Once again I’m up early and I’m feeling the all-too-familiar feeling of disaffection and disgust. I’m in the upstairs bathroom and I’m standing on the electronic scale. It measures weight in pounds or kilos, if I’m feeling especially European in this morning’s disgust. One third of the weight I managed to lose in order to teach my Weight, Weight, Don’t Weigh Me class have made a creepy, surreptitious return: the number 222 is flashing brightly back in my face! It feels like the Devil’s working hard to get me to 666!
“It’s not you, it’s your brain,” I have to firmly remind myself. And it is: my structurally less-than-perfectly-functioning brain. I console myself by calling up and rereading this study, which serves to remind me that I’m in massively major good company with my weight management struggle: 99% of overweight people who gain weight and then lose it, gain it back and more over 10 years. 99%!
I also remind myself that my brain has once again allowed me to fall victim to The Empowerment Delusion.
The Empowerment Delusion
The Empowerment Delusion seduces people into believing that they can create health or wealth or anything material by willing it, declaring it, or petitioning God to make it so. A corresponding belief is the delusion that poverty or sickness is my own fault: my bad thoughts, negative ideas, stinkin’ thinkin’, lack of faith and such cause all my misery. These condemnations obviously fail to take into account not only the unfathomable complexity of my daily life and the environment I live it in – with all its compelling allurements – but the similar complexity of my own brain and body. An essential, critical fact that science reminds me of over and over is: Whatever I Might Believe … It’s Probably a Bit More Complicated Than That.
The multi-billion-dollar self-help industry (of which weight management is a hefty component) is largely driven by The Empowerment Delusion: the false belief that feeling empowered, or believing you are empowered, means that you are empowered. Prosperity preachers like the Reverend Ike or Joel Osteen sell you religion as a way to exploit this brain vulnerability. We buy the hope and the promise rather than the truth of just how much time and focus and commitment and hard work success requires. I’m frequently reminded of a statement by a member of Mahatma Gandhi’s inner circle: “It sure takes a lot of money to keep Gandhi living in poverty.” The corollary for me might be: “It sure takes a lot of calories to keep Mark working hard to lose weight.” As any knowledgeable neuroscientist will tell you, feelings are real, but they are also very fleeting. Just like your net worth will be if you fall victim to The Empowerment Delusion.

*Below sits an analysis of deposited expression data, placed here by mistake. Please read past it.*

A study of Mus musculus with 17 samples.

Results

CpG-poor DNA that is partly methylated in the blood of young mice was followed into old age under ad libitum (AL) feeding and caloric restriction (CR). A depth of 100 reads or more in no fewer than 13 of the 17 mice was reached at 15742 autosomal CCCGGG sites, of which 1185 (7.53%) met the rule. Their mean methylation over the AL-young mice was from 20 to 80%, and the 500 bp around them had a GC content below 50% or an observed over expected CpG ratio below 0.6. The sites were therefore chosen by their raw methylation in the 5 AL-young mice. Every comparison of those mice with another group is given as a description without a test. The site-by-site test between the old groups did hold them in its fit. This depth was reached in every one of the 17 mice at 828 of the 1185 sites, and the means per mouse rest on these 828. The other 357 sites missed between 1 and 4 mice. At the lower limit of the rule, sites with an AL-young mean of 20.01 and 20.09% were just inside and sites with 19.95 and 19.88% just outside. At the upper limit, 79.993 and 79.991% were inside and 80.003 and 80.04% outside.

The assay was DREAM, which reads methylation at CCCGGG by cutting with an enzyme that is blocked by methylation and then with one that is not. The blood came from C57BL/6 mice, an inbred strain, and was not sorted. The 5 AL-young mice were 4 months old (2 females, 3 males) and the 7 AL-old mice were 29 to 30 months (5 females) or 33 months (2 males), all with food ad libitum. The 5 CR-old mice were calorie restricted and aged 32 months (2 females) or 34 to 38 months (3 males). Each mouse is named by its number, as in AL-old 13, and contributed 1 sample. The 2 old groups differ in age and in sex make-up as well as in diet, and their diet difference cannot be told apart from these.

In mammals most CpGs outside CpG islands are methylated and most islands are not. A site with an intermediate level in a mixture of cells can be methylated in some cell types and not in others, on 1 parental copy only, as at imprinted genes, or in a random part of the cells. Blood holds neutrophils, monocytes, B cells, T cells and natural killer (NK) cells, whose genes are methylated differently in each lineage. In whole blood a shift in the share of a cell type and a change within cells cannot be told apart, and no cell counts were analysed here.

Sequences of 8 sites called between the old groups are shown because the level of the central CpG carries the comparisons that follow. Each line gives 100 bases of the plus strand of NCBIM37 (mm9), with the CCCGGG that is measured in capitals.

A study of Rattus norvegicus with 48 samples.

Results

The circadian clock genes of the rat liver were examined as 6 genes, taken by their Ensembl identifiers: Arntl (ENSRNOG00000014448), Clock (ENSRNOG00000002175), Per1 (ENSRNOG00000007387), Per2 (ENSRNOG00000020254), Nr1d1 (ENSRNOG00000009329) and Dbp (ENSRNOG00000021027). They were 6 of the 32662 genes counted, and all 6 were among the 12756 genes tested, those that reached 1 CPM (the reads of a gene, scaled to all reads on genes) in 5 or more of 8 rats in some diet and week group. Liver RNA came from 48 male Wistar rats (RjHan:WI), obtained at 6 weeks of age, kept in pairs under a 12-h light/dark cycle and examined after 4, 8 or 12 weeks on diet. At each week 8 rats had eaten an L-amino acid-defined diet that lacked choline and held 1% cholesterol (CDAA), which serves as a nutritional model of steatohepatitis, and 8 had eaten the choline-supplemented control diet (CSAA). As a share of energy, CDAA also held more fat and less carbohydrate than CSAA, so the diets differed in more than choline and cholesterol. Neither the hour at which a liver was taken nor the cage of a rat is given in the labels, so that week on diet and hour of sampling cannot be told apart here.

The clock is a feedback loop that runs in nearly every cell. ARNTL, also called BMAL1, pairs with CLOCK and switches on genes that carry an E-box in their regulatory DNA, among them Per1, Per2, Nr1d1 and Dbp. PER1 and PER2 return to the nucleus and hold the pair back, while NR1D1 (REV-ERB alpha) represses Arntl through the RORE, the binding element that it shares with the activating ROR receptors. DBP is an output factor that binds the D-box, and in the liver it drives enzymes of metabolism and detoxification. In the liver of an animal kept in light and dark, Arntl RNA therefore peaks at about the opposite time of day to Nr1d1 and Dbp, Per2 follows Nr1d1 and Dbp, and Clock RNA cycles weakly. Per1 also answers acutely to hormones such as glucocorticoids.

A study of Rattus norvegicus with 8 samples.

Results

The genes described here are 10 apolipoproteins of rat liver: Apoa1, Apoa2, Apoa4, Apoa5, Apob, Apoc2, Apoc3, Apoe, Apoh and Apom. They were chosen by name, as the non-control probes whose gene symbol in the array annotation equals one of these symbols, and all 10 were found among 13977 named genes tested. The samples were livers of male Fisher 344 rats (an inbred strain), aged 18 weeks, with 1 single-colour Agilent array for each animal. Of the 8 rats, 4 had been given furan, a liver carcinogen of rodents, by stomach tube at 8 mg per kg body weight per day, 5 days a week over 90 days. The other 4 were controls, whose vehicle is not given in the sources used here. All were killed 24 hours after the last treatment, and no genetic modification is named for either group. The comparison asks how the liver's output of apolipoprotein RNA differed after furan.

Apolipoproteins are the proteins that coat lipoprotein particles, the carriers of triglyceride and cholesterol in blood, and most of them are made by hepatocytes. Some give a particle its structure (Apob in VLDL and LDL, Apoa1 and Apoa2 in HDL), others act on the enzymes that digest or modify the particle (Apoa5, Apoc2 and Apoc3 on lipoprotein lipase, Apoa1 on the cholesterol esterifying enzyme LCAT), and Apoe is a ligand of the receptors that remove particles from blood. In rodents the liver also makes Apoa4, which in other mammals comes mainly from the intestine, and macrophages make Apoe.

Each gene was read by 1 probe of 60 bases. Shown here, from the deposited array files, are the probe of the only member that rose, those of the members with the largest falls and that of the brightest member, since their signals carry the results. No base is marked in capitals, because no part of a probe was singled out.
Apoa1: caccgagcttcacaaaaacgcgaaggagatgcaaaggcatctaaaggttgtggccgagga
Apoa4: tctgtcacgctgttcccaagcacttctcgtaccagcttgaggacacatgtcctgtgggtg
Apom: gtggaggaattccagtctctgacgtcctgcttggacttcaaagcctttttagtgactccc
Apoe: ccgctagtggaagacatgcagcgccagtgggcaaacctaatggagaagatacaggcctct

The Time of Our Lives
Most significant behavior change takes time. Acquiring knowledge and skill takes repetition and practice. Physical cells in our brain and body need to be born, grow wires, make increasingly greater connections. Other cells have to disconnect and die (old learning that no longer serves us) to make room for the new ones. You can see the actual physical process of that happening at the microscopic level in this 2 minute video.
Of course, one challenge with much of this material is to find the middle path
between increasing our sensory capacities to apprehend the multiple levels of the real world and falling victim to the Empowerment Delusion. Not an easy path for many of us to navigate skillfully. Reverence for the extraordinary beauty, complexity and intelligence operating in the world will probably serve us well as a part of that path. But first we have to grow the network capacity to fully apprehend it and then greatly appreciate it.
The Three C’s
What might truly help us accomplish this remedial growth? What might be most worth our time and our brain’s energy to pay increasing attention to? If we’re to believe someone generally recognized as safe and spiritually mature, Shinzen Young might have some good advice for us. He suggests we are well-served spending the time of our lives cultivating concentration, clarity and calmness. Just ten minutes a day he claims can end up allowing us to live twice or three times the life we might otherwise just in terms of the depth of meaning and fulfillment we’re able to attain.
Is Shinzen offering self-help? Actually, he’s offering pretty much the opposite, because if you sincerely take his guidance to heart, what you’ll end up with is a “self” that is left with little concern about getting help at all. The self you’ll end up with will be one mostly concerned with selflessly helping others!